Whether you're a stay-at-home dad or a single mom with two jobs, the daily stresses of being a parent inevitably leads to many bad decisions that you later regret. Most forms of bad parenting, such as yelling at your children to quiet down or being late to pick them up from school, are minor mistakes that typically don't leave any major scars on a child's psyche. Unfortunately, even the smallest of errors can seem like a big deal when placed under the microscope of the family courts. The majority of ex spouses or partners who share custody are able to abide by the terms of the original custody order without court intervention. Some exes, however, have a deep and abiding resentment towards each other, which causes them to accuse each other of being negligent or abusive parents. The arguments and finger-pointing are bad enough, but the situation reaches a boiling point when one parent threatens to take full physical and legal custody of the children.
If you are in this situation, you may be wondering what your chances are in court. You may have begun researching the issue online, or talked to other people who were in the same situation. While research can certainly be helpful, you've probably noticed that many of the answers to your questions are vague, or outright confusing. You may also be scared that certain national trends, such as parents forgetting about their children in the back seat of the car, could make any of your parenting errors look even worse than they really are.
This issue hit home for many divorced or separated parents in January 2014, when the New Jersey Appellate Division found a mother guilty of child neglect for leaving her son in the car for approximately 10 minutes while she went into a store. Although it wasn't a hot day, and the child was found in good health, the judges ruled that there was a high chance of danger to the child based on what could happen when a child is left in the car for any period of time.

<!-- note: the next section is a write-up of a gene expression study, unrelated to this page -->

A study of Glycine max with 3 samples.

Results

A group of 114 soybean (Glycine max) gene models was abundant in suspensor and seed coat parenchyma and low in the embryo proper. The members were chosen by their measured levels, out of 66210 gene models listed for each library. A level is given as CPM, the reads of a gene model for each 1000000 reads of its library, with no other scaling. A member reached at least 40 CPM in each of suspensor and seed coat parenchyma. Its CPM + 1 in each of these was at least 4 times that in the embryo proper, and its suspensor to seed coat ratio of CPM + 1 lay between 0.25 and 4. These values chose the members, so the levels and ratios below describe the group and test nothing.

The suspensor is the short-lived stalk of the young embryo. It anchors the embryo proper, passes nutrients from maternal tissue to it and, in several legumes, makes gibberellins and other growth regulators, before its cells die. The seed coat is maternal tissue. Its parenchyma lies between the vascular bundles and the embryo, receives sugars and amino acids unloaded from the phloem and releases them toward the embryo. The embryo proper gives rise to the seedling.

Regardless of what you're accused of, this ruling is a scary example of how certain forms of questionable judgment may be viewed as child abuse by the courts. A good way to clear up your angst and confusion is to talk to a family law attorney with extensive trial experience in the New Jersey family courts. In spite of the aforementioned ruling, judges rarely take away a parent's right to have regular, consistent contact with his or her children. Furthermore, any ruling that affects an existing custody order would only be made after intense scrutiny of the facts, witness statements, observations by social workers, and other measures that help the judge assess your family's situation. If you need assistance with these court requirements, as well as representation for an upcoming custody hearing, please speak with the family law attorneys of Villani & DeLuca, P.C.